Uterine Fibroid Embolization (UFE)
Fibroids are noncancerous growths in the wall of the uterus (womb). They are common. Fibroids may be as small as a seed or as large as a melon. A person may have one or many. Most fibroids stay inside the uterus. Others may stick out and affect nearby organs.
Other things that may raise the risk are:
- Never having children
- Early menstruation
- Periods that happen more often than normal
- Painful periods
- Having other family members with this problem
Some people may not have symptoms. Others may have mild to severe problems. It depends on the size and location of the growths.
Problems may be:
- Pelvic pain or pressure
- Belly swelling
- Heavy menstrual bleeding
- Blood clots in menstrual flow
- Periods that last longer than normal
- Bleeding between periods
- Cramping during periods
- Pain during sex
- Frequent need to urinate
- Low back or leg pain
People who do not have problems may not need to be treated. They will be watched for any changes.
In others, treatment depends on the problems a person is having and whether or not they plan on having children in the future. The goal of treatment is to manage symptoms. This may be done with medicines, such as:
- Prescription or over the counter pain relievers
- Hormonal therapy, such as oral contraceptives
- Gonadotropin-releasing hormone agonists to shrink fibroids
- Tranexamic acid to control heavy bleeding
People who are not helped by these methods may need:
- Uterine fibroid embolization to block blood flow to the fibroids to cause them to shrink
- Focused ultrasound therapy to use focused sound waves to destroy the fibroids
- Myomectomy to remove fibroids
- Hysterectomy to remove the uterus, which means pregnancy is no longer possible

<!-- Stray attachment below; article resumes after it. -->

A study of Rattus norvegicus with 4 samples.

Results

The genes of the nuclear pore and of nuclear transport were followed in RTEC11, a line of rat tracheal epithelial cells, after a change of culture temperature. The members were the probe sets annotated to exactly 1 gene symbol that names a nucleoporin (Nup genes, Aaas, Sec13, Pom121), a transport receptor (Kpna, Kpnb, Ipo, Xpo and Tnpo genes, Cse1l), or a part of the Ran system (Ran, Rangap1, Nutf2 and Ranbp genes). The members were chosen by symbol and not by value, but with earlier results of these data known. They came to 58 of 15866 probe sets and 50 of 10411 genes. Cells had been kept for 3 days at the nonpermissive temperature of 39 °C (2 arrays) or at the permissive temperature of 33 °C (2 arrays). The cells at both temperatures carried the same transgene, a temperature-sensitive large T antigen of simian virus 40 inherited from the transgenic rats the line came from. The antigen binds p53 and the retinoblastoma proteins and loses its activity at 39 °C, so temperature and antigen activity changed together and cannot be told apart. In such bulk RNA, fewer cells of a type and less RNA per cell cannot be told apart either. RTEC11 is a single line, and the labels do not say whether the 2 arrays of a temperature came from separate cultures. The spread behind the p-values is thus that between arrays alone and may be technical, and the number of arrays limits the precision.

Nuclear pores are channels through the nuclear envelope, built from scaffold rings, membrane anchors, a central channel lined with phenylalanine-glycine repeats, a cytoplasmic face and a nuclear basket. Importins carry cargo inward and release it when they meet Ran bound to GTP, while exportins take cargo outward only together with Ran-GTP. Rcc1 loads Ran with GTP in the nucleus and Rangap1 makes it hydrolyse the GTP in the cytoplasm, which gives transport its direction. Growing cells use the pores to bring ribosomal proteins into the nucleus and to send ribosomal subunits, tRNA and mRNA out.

This content is reviewed regularly and is updated when new and relevant evidence is made available. This information is neither intended nor implied to be a substitute for professional medical advice. Always seek the advice of your physician or other qualified health provider prior to starting any new treatment or with questions regarding a medical condition.
Edits to original content made by Denver Health.
American Congress of Obstetricians and Gynecologists http://www.acog.org
The International Council on Infertility Information Dissemination, Inc. http://www.inciid.org
The Society of Obstetricians and Gynaecologists of Canada http://www.sogc.org
Women's Health Matters http://www.womenshealthmatters.ca
Fibroids. Healthy Women website. Available at: http://www.healthywomen.org/condition/fibroids. Accessed February 25, 2021.
Uterine fibroid embolization (UFE). Radiological Society of North America Radiology Info website. Available at: http://www.radiologyinfo.org/en/info.cfm?pg=ufe. Accessed February 25, 2021.
Uterine leiomyoma. EBSCO DynaMed website. Available at: https://www.dynamed.com/condition/uterine-leiomyoma. Accessed February 25, 2021.
Vilos GA, Allaire C, et al. The management of uterine leiomyomas. J Obstet Gynaecol Can. 2015 Feb;37(2):157-181.